Oct 06, 20174 mins
Data CenterInternet

Despite the gigantic weight of the industries built on the internet, at its core the internet operates atop a relatively small set of systems. DNS, the entry point to nearly every online application and a key anchor of the internet, is no different.

The internet is a smaller place than it seems. Despite the gigantic weight of the industries built on it, the near ubiquity of the internet in our lives, and the complexity and scale of modern online applications, at its core the internet operates atop a relatively small set of systems.

Pockets of deep knowledge and operational expertise around these key systems have developed over the years. There are tight-knit and cooperative communities focused on network operations, infosec, email and HTTP, to name just a few.

DNS—the entry point to nearly every online application and a key anchor of the internet —is no different. A relatively small community of deep experts and operators drives the protocol and its key operational aspects. Homes for this community include DNS-OARC, IETF/ICANN, email lists and regular small meetings of key operators.

DNS is in many ways the glue that binds together modern cloud infrastructures and drives the digital transformation efforts underway at most major enterprises. As audiences have become more global and applications more dynamic, DNS and DNS-based traffic management are enabling organizations to maximize performance and operational efficiency across increasingly complex environments. And at the same time, DNS is becoming more mission critical, as it sits in the delivery path for applications we rely upon for everyday life. It’s also increasingly the target of malicious activity.

The difference community makes

This is where a strong community of like-minded organizations that understand core issues comes in handy. Despite the fact that there may be competition on the commercial side, DNS businesses are fundamentally technology- and engineering-oriented. Distributed, “neutral” systems like DNS only succeed with cooperation because such systems depend on agreed-upon protocols and behaviors. And in times of duress, this cooperation becomes critical to the continuing operation of the DNS ecosystem. Vendors who may be commercial rivals can work together for the common good of the internet to devise operational practices, protocol changes and other approaches for combating malicious actors or scaling challenges.

One of the most gratifying aspects of working in the DNS and traffic management industry is building positive working relationships with other operators and organizations in the ecosystem. Diagnosing ecosystem issues, responding to active incidents and identifying opportunities to move the protocol and operational approach forward are common drivers of collaboration within the industry.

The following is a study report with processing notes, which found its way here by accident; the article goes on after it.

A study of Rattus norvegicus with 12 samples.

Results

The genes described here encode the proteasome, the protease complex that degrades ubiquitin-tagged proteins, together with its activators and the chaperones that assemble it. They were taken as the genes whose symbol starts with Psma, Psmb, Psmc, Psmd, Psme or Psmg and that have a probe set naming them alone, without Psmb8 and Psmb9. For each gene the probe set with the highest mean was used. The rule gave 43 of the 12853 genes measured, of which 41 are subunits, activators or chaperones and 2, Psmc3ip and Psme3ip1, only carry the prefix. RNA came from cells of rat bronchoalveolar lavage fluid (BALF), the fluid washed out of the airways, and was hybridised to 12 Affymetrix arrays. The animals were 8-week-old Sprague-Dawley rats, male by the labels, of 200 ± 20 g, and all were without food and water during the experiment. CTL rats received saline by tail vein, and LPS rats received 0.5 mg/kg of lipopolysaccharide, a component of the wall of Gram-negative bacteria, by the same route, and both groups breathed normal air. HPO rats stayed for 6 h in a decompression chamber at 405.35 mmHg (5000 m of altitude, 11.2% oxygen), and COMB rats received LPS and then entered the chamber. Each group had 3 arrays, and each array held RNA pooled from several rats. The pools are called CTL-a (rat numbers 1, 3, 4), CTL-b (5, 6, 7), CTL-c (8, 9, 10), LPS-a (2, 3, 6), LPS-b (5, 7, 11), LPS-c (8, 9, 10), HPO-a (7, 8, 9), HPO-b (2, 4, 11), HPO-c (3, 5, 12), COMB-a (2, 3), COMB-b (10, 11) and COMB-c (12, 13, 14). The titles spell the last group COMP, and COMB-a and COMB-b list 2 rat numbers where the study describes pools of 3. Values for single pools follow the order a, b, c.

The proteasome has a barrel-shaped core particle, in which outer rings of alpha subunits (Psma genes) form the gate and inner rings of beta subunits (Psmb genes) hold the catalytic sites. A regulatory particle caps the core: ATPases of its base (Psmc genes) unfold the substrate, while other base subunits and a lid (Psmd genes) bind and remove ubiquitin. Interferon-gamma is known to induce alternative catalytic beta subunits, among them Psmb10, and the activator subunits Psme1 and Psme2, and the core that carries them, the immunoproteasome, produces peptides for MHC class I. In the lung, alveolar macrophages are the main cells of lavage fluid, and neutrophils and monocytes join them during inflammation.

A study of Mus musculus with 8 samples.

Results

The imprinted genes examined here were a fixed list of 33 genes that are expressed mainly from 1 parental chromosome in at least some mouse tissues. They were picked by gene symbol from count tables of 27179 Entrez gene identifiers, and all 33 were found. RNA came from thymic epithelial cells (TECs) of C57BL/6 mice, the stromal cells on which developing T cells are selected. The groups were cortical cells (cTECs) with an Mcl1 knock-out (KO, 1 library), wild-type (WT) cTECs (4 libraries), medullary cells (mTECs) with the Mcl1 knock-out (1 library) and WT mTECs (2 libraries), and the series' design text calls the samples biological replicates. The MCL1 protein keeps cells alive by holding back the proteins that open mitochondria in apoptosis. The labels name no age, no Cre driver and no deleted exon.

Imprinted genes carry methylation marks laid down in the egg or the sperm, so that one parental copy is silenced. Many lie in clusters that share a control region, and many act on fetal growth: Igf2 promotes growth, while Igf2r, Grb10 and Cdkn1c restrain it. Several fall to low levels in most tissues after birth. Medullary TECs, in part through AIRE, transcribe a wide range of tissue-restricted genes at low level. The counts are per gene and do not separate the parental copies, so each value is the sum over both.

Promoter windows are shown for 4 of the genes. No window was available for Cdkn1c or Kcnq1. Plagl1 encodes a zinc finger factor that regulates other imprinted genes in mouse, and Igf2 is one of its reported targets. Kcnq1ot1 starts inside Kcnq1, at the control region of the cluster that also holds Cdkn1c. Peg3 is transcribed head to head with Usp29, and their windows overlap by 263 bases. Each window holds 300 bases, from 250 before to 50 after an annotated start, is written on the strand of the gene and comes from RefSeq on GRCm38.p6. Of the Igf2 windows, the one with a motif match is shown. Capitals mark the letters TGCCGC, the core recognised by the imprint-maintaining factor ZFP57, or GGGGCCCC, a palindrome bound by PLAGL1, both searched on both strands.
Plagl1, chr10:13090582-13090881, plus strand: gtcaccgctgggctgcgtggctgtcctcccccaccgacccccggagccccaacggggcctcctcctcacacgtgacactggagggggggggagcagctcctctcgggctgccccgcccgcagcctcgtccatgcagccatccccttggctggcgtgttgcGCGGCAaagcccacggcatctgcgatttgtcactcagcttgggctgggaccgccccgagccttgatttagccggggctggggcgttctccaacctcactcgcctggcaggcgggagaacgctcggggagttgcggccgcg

A great example of this is the reaction of the DNS community following the large DDoS incident against Dyn in October 2016. During the incident, there was a quick outpouring of support and offers of assistance. (Such supportiveness is a common way of responding to active incidents in the internet infrastructure industry as a whole. If you want to see operator empathy in action, search for #hugops on Twitter.) There’s an understanding that being a good internet citizen is about recognizing that as an ecosystem, we are all interdependent, and when we can help each other in times of duress, we should.

After the incident, the industry rapidly formulated a response, which included education for the broader community on best practices for DNS resiliency, technical deep dives and transparent information sharing among major operators. This resulted in a better-connected operational ecosystem overall, with deeper relationships among key DNS operators and lasting impact on the resilience of DNS and the internet.

The largest operators in the DNS ecosystem—major authoritative and recursive DNS network service providers—are among the most active participants in the collaboration driving the DNS technology and operational landscape forward. This has become a key source of value for the customers of these services, who stand to benefit from the information sharing, collaborative incident response and shared technology direction driven by the friendly interactions of their vendors.

Firm foundation for the future

There’s never been a better time to address the challenges and opportunities in the DNS ecosystem. Despite fierce commercial competition, the engineering culture of the organizations driving DNS forward has resulted in positive, forward-thinking collaboration on the technology and operational sides of the DNS business. Because DNS is foundational to the success of business today, companies that do business online must have a reliable, flexible provider that can address a complex web of needs and functionality. Customers of major DNS service providers—and the internet as a whole—benefit from this collaborative approach.


Kris Beevers leads NS1’s team of industry experts as they create products to enable companies to use DNS to build and deliver dynamic, distributed, and automated applications that delight users. He is a recognized authority on DNS and global application delivery, and often speaks and writes about building and deploying high performance, at scale, globally distributed internet infrastructure.

Kris holds a PhD in Computer Science from RPI, and prior to founding and leading NS1, he built CDN, cloud, bare metal, and other infrastructure products at Voxel, which sold to Internap (NASDAQ:INAP) in 2011.

The opinions expressed in this blog are those of Kris Beevers and do not necessarily represent those of IDG Communications, Inc., its parent, subsidiary or affiliated companies.